This interpretive method, known as the "four-fold method" or the "allegory of theologians," was commonly
applied to the Bible in the Middle Ages. The four senses could be remembered with the following medieval
Latin ditty:
         Littera gesta docet,                              The literal sense teaches what happened,
         Quod credas allegoria.                            The allegorical what you believe.
         Moralia quod agas,                                The moral what you should do,
         Quo tendas anagogia.                              The anagogical where you are going.

This is a way to analyze symbol and allegory. Dante Alighieri, explained in his “Epistle to Can Grande”
that allegories can be interpreted on Four Levels.
The "Letter to Can Grande" also provides a more basic description of the allegory of Dante's poem:

The subject of the whole work, then, taken literally, is the state of souls after death, understood in a simple
sense; for the movement of the whole work turns upon this and about this. If on the other hand the work is
taken allegorically, the subject is man, in the exercise of his free will, earning or becoming liable to the
rewards or punishments of justice.

What is most remarkable about Dante's idea of allegory, and what sharply distinguishes the Divine Comedy
from many other allegorical works, is the poet's emphasis (sincere or rhetorical as it may be) on the literal
or historical truth of his narrative as a foundation for any other level of meaning. Dante himself followed a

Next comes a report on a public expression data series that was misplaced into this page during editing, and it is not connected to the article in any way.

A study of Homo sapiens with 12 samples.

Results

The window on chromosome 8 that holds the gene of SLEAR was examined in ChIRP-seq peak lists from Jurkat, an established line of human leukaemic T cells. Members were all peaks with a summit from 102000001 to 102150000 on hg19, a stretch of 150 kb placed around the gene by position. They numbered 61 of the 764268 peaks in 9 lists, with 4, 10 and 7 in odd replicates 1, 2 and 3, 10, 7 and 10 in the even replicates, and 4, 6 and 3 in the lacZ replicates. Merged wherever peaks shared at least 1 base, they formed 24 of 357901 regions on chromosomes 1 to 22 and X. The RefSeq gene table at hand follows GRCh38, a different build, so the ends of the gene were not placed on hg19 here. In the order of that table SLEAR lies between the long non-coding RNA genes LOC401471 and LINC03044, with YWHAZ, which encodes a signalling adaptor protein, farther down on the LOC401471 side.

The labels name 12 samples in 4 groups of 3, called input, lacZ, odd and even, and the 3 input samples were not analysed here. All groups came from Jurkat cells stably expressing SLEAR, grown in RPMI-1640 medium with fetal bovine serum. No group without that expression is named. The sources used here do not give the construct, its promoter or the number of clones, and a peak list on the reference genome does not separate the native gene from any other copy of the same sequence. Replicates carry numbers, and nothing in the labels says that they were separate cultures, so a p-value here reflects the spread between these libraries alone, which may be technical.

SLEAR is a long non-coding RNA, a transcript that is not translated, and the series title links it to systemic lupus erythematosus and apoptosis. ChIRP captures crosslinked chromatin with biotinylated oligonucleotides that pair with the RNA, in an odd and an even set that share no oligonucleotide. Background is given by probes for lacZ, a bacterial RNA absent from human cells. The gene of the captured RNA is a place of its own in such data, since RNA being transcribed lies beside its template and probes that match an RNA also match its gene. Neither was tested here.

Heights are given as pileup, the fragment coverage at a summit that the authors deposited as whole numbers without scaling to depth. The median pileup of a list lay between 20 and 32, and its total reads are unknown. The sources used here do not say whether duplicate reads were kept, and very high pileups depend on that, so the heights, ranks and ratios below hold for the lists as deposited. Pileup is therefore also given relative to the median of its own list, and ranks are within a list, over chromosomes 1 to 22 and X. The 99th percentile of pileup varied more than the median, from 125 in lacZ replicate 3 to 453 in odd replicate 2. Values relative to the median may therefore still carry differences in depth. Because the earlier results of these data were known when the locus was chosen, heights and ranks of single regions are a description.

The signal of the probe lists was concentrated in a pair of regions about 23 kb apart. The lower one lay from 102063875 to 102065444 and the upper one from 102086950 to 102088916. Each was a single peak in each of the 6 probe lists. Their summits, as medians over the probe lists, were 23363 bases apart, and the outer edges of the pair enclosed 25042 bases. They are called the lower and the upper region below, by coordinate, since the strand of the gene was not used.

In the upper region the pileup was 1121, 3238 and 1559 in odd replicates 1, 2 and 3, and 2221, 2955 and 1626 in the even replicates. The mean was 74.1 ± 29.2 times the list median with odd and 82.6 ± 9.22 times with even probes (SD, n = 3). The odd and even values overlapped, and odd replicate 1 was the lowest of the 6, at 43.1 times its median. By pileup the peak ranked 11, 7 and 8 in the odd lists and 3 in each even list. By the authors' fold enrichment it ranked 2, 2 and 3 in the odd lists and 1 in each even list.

simpler form of allegory in other works, such as the Convivio (dedicated to Lady Philosophy). The poem sung
by Casella (2.112-14) is in fact a canzone ("Love that speaks within my mind") to which the narrator-
commentator of the Convivio provides an allegorical reading.

Level 1: Literal/Historical
The things that are actually happening in the story on a surface level. For example, in Sophocles Antigone,
Antigone chooses to bury her brother despite her uncle’s direct orders to the contrary, thus risking
execution.

Level 2: PoliticalLevel
The level on which human beings relate to others in a community and in the world. In Antigone, this level
of interpretation shows the reader that Antigone’s defiance threatens King Creon’s political power and the
stability of the polis. The rule of law is shaken and the city’s order is threatened. The question is this:
Which is more important: the state’s stability or the individual’s conscience?

Level 3: Moral or Psychological Level:
The way in which the self relates to the realm of ethics. In Sophocles’ play, Antigone must bury her
brother because not doing so would be both a moral crime against the family and an inhuman denial of the
brotherhood of man. It is right to show respect for the dead: in this, the law of the gods must prevail.

Level 4: The Spiritual Level
The universal level on which a person relates to the cosmos, the way of the pilgrim soul. On this level,
Antigone represents any free spirit bound to rebel against the repression of absolute authority. She
symbolizes free will and the power of the individual. She shows the reader the idealism of youth that
inflexibility seeks martyrdom rather than compromise.

The Fourfold Method lends itself to the analysis of drama, fiction, poetry, and nonfiction. Many different
types of texts may allegorical; this technique allows students to go as far up the ladder of interpretation as
they would while grounding their interpretation in the text itself. Each level is valid; each can stand alone.
Some works only contain only two of the levels; others may exist on all four planes.